RICHMOND, VA (WWBT) - The Richmond Wildlife Center says people are doing more harm than good by trying to care for baby animals they think are orphaned.
Melissa Stanley, founder of The Richmond Wildlife Center, says "helping" these animals could put yourself and the animal at risk
"Just like we have things to do and have to get a babysitter. Wildlife, they don't hire babysitters. They leave their young, and they have to learn to fend for themselves, to find cover, and blend in with the environment," Stanley said.
This time of year, Stanley says the Wildlife Center is inundated with calls from people concerned that the baby fawn, bird, or rabbit in their yard has been orphaned. However, the Department of Game and Inland Fisheries says 75 percent of those "rescued" animals should have been left alone.
Stanley says deer leave their fawns for up to 14 hours. She also says birds leave their young for 45 minutes at a time.
"If you come across a baby bird that is on the ground but is unable to fly, it's probably okay. They live on the ground for seven to 14 days," said Stanley.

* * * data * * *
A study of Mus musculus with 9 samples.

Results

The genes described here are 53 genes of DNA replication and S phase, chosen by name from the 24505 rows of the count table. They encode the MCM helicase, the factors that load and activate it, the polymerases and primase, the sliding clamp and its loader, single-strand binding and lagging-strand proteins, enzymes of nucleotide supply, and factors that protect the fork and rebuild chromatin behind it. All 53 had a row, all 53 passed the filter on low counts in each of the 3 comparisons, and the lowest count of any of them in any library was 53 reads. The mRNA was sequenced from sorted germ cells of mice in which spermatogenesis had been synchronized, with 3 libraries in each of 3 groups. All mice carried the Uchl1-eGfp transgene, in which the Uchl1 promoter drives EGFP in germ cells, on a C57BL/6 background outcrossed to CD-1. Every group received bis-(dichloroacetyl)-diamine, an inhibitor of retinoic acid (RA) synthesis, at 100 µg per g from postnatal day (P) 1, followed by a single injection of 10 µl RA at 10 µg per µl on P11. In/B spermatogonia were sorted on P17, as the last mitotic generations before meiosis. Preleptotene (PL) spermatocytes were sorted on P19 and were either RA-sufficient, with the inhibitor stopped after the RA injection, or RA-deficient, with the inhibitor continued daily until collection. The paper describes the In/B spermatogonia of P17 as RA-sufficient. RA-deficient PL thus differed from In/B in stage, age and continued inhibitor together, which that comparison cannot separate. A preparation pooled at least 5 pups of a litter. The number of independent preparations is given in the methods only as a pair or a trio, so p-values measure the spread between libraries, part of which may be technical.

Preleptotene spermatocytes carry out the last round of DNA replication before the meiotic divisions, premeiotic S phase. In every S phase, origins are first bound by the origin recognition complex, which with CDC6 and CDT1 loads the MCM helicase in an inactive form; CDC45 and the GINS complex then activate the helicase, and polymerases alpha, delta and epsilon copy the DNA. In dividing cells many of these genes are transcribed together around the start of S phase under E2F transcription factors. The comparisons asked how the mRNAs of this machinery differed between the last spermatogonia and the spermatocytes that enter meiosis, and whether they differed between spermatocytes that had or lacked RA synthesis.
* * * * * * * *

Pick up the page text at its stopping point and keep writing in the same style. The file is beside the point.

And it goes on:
Stanley says many people mean well - thinking they are helping - but it can actually do more harm than good. Not only is keeping wildlife as a pet against the law, but it can expose people to diseases and parasites. It also hinders the animals chance at survival.
"There are things we cannot do that their parents can. We can't teach them where to migrate. We can't teach them all those amazing calls to communicate with their species so they can integrate and survive. So they really need to stay out with their parents," said Stanley.
According to Stanley, there are some signs of distress - for example, if the animal is approaching people, incessantly crying, or covered in flies, and ticks.
If the animal is injured, there are ways to help, but Stanley says to to call a wildlife specialist first.
"Find a shoe box or container. Poke holes in the top, and put a tee shirt or an old pillow case in it, because towels can break their little toes, and just put them in a dark, quiet location," she said.
The wildlife center says there are some animals you should never approach, such as eagles, hawks, owls, adult raccoons, coyotes and groundhogs, which all pose a safety risk.